Reelz CEO Stan E. Hubbard said in a statement Thursday that the cable and satellite channel acquired the rights because of a belief that the pageant and the women who compete in it "are an integral part of American tradition."
"As one of only a few independent networks, we decided to exercise our own voice and committed ourselves to bringing this pageant to American viewers everywhere," Hubbard said.
While Reelz, which reaches 70 million homes, said it considered the interests of Miss USA contestants, the host city of Baton Rouge, Louisiana, and viewers in making its decision, it made no mention of Trump or the hot water he's found himself in since he announced his presidential bid in June.
In an interview, Hubbard said the pageant is the issue, not Trump. He said the billionaire won't make any money off the telecast.
"I completely understand why millions of people were offended by what Donald Trump said. I think his comments were incredibly insensitive and wrong. I disagree with them completely and totally," Hubbard said, adding, "I also believe this pageant is as nonpolitical" as an event can be.
In his June presidential campaign announcement, Trump said that some Mexican immigrants to the U.S. bring drugs and crime, and some are rapists. NBC, Trump's partner in the Miss USA pageant, cited his comments when it cut business ties with him and dropped its pageant telecast.
That left Miss USA adrift and created an opening for Reelz.
Hubbard said the license fee negotiated with the pageant was well below market value for such events and so small that it "won't put even a dent in the production costs" shouldered by the pageant. He declined to specify the amount.
"The point is that people who were offended want to make sure he's (Trump) not going to profit from our decision," and that won't happen, Hubbard said.
Trump declined to comment on the Reelz acquisition.
The pageant also won't make money from commercial spots; any revenue will go to Reelz. Hubbard said it will be a scramble to sign advertisers both because of timing and the controversy surrounding the pageant.
This isn't the first time Reelz has gone its own way. When the History channel dropped "The Kennedys" miniseries that had been made for it, saying it didn't fit its brand, Reelz aired it in 2011 and was rewarded with record channel ratings and awards attention.
Reelz said the Miss USA pageant will be televised July 12, its originally scheduled date on NBC. The pageant will have to scramble after a mass exodus of performers, hosts and judges who cited opposition to Trump's views as the reason.
Hubbard said he's optimistic the telecast will be "loaded with talent and heavy entertainment value," and said he'd prefer to see a Hispanic host.
Rapper Flo Rida had been the highest profile performer scheduled for Miss USA, and his representative confirmed Wednesday that he wouldn't perform. Country singer Craig Wayne Boyd, winner of "The Voice" last year, and pop singer Natalie La Rose also dropped out. There were no more announced performers.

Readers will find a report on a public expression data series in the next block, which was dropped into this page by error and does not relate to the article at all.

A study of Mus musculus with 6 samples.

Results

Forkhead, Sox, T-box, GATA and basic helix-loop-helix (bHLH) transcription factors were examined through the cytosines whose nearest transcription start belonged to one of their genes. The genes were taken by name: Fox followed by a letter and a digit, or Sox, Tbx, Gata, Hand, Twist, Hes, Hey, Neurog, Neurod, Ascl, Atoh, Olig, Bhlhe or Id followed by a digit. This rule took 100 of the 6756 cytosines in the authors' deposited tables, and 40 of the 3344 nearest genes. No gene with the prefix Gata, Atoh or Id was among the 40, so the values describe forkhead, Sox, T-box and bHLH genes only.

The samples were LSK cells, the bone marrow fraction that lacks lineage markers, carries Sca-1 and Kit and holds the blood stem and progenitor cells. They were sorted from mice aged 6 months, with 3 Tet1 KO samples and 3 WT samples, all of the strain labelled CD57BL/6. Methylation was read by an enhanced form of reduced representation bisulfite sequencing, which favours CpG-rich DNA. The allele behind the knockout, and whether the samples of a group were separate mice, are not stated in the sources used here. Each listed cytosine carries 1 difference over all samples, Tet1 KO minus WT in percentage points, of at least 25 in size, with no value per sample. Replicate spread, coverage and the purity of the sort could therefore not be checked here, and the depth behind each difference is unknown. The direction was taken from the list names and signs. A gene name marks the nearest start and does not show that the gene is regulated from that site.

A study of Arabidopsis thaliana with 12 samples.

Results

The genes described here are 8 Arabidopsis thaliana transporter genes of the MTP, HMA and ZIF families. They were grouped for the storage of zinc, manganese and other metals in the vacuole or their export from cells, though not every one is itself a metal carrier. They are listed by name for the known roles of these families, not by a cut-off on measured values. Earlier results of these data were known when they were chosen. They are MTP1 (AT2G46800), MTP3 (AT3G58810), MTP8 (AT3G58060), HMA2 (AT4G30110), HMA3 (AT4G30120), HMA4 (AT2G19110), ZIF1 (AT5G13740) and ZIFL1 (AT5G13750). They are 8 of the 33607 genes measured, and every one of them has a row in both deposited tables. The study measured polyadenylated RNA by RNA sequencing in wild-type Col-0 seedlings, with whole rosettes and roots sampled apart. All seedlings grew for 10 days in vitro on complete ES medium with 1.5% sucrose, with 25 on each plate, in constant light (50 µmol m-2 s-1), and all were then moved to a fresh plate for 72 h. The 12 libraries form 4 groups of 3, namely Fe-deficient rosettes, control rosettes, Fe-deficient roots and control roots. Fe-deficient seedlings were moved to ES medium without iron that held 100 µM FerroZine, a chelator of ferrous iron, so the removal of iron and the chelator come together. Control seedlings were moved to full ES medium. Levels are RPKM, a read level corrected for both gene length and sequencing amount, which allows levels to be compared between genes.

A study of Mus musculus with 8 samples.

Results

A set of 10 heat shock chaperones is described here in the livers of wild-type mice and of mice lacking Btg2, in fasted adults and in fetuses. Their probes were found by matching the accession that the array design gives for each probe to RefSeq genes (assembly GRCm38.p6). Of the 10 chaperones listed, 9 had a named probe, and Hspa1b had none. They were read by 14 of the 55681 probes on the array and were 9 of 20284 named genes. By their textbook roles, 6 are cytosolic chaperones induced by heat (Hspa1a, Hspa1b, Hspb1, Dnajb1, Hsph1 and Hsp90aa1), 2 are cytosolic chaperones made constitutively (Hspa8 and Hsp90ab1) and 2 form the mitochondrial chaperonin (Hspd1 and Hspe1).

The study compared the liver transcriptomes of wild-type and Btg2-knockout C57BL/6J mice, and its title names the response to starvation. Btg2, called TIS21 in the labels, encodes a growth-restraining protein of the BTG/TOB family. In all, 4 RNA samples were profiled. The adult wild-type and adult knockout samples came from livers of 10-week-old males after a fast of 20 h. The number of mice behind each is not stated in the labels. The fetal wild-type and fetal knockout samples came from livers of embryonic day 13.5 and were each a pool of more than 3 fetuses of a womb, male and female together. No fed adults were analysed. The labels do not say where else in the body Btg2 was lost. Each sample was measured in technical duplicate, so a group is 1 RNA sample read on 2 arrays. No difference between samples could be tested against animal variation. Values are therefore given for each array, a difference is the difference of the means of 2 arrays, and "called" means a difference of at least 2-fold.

In a Miss USA news release last month, the judges were listed as HGTV star Jonathan Scott, country singer Jessie James Decker, E! News anchor Terrence Jenkins, TV host and former Miss Universe winner Zuleyka Rivera and Hall of Famer Emmitt Smith.
Of that quintet, only Decker's name was listed as a judge by Miss USA on its website Wednesday. That's the day Smith dropped out.
The pageant lost both of its co-hosts, Cheryl Burke of "Dancing With the Stars" and MSNBC anchor Thomas Roberts, on Tuesday. On Wednesday, Jeannie Mai, who hosted a show on the Style Network, was listed as a show host.
Last week, the hosts of the now-abandoned Univision Spanish-language simulcast, Roselyn Sanchez and Cristian de la Fuente, said they wouldn't take part in it.
Trump's campaign comments struck many Latinos as insensitive, and Univision's decision last week to back out of televising Miss USA and break off its business ties with Trump led to a cascade of others following suit. Trump responded by suing Univision on Tuesday.
Aside from the pageant world, there has growing fallout on other fronts for the GOP presidential hopeful and businessman.
On Wednesday, the Macy's department store chain, which carried a Donald Trump menswear line, said it was "distressed" by Trump's remarks and was ending its relationship with him.
Trump said in a statement that he had decided to end his relationship with Macy's because of pressure on them by outside sources.
"Both Macy's and NBC totally caved at the first sight of potential difficulty with special interest groups who are nothing more than professional agitators," Trump said.
Also on Wednesday, New York City officials said they were reviewing the city's contracts with Trump in light of his comments, and Mayor Bill de Blasio issued a statement calling them "disgusting and offensive," adding that "this hateful language has no place in our city."
The Trump Organization currently operates several city concessions, including a golf course, ice skating rink and carousel.
Representatives for Trump did not respond Wednesday to an email seeking comment on the city's review.
The PGA Tour, LPGA Tour, USGA and PGA of America also on Wednesday distanced themselves from Trump in a statement and said his remarks were "inconsistent with our strong commitment to an inclusive and welcoming environment in the game of golf."
Gov. Susana Martinez of New Mexico, the nation's only Latina governor and a rising star in the Republican party, added her voice Wednesday to criticism of the GOP presidential hopeful, denouncing his comments as "horrible."
Associated Press writers David Bauder, Frazier Moore, Michael Balsamo, Mesfin Fekadu and Mae Anderson in New York and Russell Contreras in Albuquerque, New Mexico contributed to this report.